2013 Prix Michel d’Ornano Award

September 9, 2013

As the 39th Deauville American Film Festival came to a close on Saturday, September 7th, more than 1,500 festival attendees gathered for the closing ceremony, in Deauville France, eager to not only celebrate this year’s winning films, but to recognize the winner of the annual Prix Michel d’Ornano award.

Named in honor of the former Mayor of Deauville and co-founder of the festival, Michel d’Ornano, the prize has been awarded every year beginning in 1991 to a debut French film to recognize a new French scriptwriter/director-writer and help promote their work.  Created by former Chairman and CEO of the Motion Picture Association Jack Valenti in 1991, and supported financially since 2009 by the Franco-American Cultural Fund (FACF), the Prix Michel d’Ornano carries with it a cash prize of 3,000 euros for the awarded director-writer; 3,000 euros for the film’s producer; and 10,000 euros for the French distributor to help them promote the film.

Jury Members have chosen Guillaume Gallienne’s Les Garçons et Guillaume, à Table! (Me, Myself and Mum) for the 2013 Prix d’Ornano’s winner.  Starring Diane Krüger and Françoise Fabian, Les Garçons adapts Gallienne’s one-man autobiographical stage show about a sexually confused young man and his domineering mother.  Described by The Hollywood Reporter’s Stephen Dalton as a “flamboyant farce” that is “full of strong comic set-pieces” and “a warm-hearted crowd-pleaser”, Les Garçons premiered to positive reviews earlier this year during the Directors’ Fortnight section of the 2013 Cannes Film Festival.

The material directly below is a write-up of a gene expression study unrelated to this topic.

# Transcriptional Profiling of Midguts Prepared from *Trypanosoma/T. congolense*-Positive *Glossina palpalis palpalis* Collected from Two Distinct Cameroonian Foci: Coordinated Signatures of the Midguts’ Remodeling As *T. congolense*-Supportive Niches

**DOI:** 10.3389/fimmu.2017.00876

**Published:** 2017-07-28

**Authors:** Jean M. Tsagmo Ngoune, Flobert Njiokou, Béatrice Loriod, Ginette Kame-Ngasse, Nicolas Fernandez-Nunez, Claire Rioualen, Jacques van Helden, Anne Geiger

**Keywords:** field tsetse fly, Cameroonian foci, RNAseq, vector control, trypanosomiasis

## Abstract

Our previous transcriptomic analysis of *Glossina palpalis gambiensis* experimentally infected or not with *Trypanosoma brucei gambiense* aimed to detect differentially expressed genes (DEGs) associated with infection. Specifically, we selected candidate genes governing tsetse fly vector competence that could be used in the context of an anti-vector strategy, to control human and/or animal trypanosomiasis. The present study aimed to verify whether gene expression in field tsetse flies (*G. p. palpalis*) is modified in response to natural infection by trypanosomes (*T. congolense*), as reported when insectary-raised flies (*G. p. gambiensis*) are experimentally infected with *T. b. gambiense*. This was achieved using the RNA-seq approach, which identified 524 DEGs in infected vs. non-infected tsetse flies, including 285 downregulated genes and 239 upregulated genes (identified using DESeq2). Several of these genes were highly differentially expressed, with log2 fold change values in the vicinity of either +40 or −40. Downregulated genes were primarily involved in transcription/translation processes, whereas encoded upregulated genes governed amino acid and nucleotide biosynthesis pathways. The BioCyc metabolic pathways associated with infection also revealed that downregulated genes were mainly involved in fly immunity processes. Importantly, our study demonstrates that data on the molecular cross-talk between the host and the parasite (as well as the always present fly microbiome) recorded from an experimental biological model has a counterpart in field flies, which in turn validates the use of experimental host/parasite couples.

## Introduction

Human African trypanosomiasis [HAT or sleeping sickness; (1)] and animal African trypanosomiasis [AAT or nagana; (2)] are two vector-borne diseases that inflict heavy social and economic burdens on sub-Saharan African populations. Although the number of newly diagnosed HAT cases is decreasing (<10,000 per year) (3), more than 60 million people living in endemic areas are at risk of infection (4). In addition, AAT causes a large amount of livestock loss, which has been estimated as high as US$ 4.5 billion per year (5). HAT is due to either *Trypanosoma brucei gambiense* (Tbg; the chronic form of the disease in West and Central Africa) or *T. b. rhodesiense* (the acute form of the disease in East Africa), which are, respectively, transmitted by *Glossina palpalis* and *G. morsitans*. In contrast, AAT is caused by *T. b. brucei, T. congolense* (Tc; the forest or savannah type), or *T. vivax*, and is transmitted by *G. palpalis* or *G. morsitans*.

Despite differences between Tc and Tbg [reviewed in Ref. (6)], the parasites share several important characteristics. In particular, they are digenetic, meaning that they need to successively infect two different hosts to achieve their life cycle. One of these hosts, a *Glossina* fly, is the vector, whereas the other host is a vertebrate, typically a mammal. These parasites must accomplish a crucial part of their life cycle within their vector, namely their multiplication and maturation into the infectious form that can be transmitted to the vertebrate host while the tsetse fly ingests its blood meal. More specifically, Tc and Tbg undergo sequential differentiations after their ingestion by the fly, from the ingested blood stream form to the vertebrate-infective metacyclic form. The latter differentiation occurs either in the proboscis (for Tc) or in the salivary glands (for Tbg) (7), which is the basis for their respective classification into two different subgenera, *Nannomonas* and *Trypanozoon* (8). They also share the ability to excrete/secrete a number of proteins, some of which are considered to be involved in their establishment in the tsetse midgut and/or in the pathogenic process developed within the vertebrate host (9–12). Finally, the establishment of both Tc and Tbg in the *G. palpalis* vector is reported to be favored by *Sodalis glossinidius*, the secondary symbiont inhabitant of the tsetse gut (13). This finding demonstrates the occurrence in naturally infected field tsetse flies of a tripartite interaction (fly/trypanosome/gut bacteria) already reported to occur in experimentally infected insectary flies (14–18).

The Franco-American Cultural Fund (FACF) was founded by the SACEM (Société des auteurs, compositeurs et éditeurs de musique), The Directors Guild of America (DGA), and the Writers Guild of America (WGA) and later joined by the Motion Picture Association. The FACF is designed to promote original cinematography on both sides of the Atlantic, to encourage up-and-coming young talents and foster dialogue between industry professionals in both the United States and France.